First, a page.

Unless you live in a fascist or totalitarian state already, you have probably not been aware of the grave and insidious threat that was gradually infiltrating the world of wine. Machines, smelted in the depths of the earth, engineered by an evil committee of subhuman overlords, have slowly threatened to take over the wine industry in Pennsylvania.
Cousins to the passive aggressive computer HAL that talked its way into a starring role in Stanley Kubrick's film 2001, these machines exist for one terrible purpose: to frustrate wine lovers in Pennsylvania to the point that they'd rather eat shards of broken glass than buy a bottle of wine.
I fired a warning shot across the bow of the advancing metallic hordes when I first learned of their existence. My attack was heeded by my fellow wine lovers, but even together we were no match for the strength of the PA Bureaucracy, and their heartless machines.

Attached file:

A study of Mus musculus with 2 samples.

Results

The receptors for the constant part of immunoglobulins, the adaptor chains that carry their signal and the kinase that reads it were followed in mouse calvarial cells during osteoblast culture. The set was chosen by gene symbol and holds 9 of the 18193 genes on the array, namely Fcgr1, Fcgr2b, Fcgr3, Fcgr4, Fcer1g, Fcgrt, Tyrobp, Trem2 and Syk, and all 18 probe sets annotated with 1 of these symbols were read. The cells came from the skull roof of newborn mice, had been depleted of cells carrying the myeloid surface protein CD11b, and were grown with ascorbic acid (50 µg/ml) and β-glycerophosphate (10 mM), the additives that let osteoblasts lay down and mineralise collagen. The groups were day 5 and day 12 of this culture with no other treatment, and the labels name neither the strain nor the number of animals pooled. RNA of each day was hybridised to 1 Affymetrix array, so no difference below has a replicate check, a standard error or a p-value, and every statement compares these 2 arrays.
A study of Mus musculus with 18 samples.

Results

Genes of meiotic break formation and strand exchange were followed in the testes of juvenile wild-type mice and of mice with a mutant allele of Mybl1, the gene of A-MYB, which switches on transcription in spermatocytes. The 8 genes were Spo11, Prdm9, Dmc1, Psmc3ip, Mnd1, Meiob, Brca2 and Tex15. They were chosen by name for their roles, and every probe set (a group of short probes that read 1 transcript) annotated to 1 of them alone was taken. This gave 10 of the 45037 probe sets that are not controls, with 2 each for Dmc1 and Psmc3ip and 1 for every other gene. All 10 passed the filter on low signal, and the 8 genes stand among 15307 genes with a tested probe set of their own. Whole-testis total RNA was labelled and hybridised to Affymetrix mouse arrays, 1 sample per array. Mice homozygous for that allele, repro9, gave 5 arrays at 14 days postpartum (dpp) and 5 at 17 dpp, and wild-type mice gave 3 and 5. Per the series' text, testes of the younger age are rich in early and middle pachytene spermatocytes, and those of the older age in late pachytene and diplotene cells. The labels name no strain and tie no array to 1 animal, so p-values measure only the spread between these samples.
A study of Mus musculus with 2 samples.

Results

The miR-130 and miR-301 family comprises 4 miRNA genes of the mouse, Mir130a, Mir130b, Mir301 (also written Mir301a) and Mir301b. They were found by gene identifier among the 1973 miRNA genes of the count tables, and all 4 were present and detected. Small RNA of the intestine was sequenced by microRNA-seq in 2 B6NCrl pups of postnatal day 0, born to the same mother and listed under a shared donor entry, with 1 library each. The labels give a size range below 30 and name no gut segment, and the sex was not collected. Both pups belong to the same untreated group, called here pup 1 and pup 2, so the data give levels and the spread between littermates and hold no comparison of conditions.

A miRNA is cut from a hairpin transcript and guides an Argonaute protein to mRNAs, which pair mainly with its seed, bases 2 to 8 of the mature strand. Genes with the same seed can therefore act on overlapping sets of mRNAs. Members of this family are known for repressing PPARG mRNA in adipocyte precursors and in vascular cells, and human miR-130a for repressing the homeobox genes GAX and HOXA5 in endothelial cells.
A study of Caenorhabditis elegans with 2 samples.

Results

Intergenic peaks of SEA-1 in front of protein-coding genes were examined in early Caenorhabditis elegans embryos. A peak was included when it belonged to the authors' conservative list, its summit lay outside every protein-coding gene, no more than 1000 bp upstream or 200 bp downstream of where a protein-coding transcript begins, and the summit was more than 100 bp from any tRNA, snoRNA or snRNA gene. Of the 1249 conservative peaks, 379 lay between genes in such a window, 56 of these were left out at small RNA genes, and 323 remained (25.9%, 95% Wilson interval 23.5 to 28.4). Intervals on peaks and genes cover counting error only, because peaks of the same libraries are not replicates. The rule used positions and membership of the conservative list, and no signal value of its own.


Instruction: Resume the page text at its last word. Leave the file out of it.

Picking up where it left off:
But then a chink in their armor revealed itself, and some awoke to find themselves the slaves of machines. These brave few realized they had to escape their servitude, and a movement was born.
And today, it is with great joy that I announce what seems to be an impending uprising. Pennsylvanians are throwing off the shackles of their digital wine enslavement, and standing up to the forces of the PLCB, saying, "No More!"
Wegmans has destroyed 10 of the monsters, and there are rumblings that others will rise up and overthrow their wine machine overlords.
Let us pray for our Pennsylvanian brothers and sisters in this darkest of hours. And if you can, for heaven's sake, send them some wine to drink.